How to stick to your resolutions this year


The problem with making resolutions that you don’t keep, is that it puts you off bothering in the future – it’s demotivating. On the other hand, one of the things I find most satisfying in life is creating a new positive habit and sticking to. I’ve stuck to a lot of them and broken a lot of them. Here’s what I find works for me:

1. Start small and expand

There’s a great TEDx talk by B.J. Fogg about creating new habits. He suggests making it micro. For example if you want to start flossing, make the resolution to floss just one tooth. The idea being that if it’s that easy to do you’ve got no excuse not to do it – you can’t say you haven’t got time to do something that only takes a minute. Once you’re doing it regularly, then you can do it for longer. This is actually how I got into the habit of flossing.

2. Have a reminder 

A good way to do this is to attach a new habit to an existing one e.g. after I brush my teeth I will floss. Phone reminders, posters and post-its can also help. ‘After I shower I will meditate’ worked for me.

3. Involve others

One of the most helpful habits I got into last year was using the pomodoro technique. This involves choosing a single task to focus on for 25 minutes, then taking a five minute break before choosing the next one.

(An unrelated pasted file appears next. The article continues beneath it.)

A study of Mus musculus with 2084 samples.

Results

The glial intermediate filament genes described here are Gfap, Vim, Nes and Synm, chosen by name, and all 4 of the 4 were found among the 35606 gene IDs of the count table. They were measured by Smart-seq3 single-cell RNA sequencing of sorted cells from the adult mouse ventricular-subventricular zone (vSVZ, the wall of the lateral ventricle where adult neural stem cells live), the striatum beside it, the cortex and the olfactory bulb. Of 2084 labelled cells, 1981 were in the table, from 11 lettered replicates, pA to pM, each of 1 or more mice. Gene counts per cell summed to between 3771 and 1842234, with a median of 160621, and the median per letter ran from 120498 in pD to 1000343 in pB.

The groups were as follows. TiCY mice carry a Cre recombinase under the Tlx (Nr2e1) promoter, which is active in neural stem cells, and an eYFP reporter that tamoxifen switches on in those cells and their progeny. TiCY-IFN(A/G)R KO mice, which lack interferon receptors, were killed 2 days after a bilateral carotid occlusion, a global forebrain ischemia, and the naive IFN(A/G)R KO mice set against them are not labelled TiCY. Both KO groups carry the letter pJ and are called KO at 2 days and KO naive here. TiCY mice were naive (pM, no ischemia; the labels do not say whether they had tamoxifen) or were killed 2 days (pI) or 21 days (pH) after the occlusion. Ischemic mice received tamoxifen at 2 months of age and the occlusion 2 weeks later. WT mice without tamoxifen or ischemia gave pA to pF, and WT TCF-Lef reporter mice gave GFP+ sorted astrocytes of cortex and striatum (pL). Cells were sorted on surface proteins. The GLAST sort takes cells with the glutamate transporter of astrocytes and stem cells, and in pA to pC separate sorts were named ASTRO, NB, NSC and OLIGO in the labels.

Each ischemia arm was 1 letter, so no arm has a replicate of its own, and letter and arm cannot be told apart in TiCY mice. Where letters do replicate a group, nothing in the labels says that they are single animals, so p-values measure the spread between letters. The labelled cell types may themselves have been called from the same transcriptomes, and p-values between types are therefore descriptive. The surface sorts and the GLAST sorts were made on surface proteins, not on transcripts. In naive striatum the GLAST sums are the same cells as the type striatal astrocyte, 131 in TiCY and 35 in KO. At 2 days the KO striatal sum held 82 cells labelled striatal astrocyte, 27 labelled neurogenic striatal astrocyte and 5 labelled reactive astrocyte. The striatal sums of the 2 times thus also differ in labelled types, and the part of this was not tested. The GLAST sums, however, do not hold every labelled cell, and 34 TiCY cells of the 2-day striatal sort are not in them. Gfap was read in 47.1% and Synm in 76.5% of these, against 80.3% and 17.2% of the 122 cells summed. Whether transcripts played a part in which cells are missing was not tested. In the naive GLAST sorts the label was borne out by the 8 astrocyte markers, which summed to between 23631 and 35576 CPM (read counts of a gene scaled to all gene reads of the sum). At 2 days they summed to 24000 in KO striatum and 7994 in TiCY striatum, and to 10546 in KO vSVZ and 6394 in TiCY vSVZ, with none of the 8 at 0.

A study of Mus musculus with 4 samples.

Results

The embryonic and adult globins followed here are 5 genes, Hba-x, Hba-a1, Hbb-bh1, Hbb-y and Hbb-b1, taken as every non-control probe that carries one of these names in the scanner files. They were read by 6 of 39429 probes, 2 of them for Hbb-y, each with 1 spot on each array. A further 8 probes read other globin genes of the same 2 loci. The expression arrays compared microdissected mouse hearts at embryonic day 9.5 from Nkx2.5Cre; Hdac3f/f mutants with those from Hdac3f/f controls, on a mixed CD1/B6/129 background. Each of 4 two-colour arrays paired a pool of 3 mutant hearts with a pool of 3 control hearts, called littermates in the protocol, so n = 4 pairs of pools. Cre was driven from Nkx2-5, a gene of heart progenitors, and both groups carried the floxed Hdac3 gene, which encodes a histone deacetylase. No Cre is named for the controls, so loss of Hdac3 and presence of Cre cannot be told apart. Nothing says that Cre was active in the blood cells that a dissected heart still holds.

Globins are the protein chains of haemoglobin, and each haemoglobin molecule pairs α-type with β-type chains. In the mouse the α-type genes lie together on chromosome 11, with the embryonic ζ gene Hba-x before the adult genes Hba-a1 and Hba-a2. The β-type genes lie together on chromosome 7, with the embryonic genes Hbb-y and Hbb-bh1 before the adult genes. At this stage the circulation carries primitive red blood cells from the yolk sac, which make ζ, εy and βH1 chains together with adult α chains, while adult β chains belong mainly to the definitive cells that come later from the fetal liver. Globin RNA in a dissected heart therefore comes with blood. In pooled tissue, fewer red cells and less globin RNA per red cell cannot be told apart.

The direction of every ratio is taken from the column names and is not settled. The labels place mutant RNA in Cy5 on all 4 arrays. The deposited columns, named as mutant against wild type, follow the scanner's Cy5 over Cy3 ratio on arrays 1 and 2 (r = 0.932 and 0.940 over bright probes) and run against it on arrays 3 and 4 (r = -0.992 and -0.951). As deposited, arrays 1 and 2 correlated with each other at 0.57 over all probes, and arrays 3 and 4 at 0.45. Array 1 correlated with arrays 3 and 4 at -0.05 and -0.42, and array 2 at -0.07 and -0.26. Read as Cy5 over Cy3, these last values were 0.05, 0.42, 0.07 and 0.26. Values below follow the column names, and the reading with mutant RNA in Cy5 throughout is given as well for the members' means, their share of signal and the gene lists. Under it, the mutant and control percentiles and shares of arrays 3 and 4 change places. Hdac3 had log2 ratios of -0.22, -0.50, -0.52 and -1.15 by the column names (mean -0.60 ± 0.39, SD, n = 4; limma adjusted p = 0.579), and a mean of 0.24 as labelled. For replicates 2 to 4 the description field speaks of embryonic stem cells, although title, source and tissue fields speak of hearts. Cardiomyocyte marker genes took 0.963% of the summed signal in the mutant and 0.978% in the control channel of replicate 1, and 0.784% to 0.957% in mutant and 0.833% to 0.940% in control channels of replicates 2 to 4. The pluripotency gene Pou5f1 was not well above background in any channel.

What makes it far more effective is doing it with others. Two or more of us get together in the office for a ‘pom’ and tell each other what we plan to do. Then we meet to ask if each other if we did it. The accountability makes it far more effective, and finding out what each other is working on and sharing successes and challenges makes being more productive fun and makes it feel like teamwork. I also managed to give up sugar for a month by doing it with a group of friends who were all supporting each other.

4. Create a specific time for it

When I first started my column I kept putting off writing the next post, because there was always something more urgent or more appealing to do. When I decided to allocate Monday morning to writing it, I stuck to doing it every week.

5. Celebrate the benefits

After you’ve meditated, exercised, stretched, completed a productivity task or whatever, take a moment to notice how satisfying it feels and what the benefits are of doing it. Also notice how unsatisfying it feels when you don’t do it. We do lots of high-fiving after pom task completion, and noticing how calm and focused I feel after yoga and meditation incentivises me to keep practicing.

I used to resist being very structured with my time because I viewed it as constraining, but I’ve come to agree with Aristotle that ‘Through discipline comes freedom’. Freedom to be who you want to be and achieve what you want to achieve through small, daily steps.

Andy Hix is director of zen at work, a London-based mindfulness consultancy. Get in touch with Andy for a free taster session at www.zenatwork.co.uk.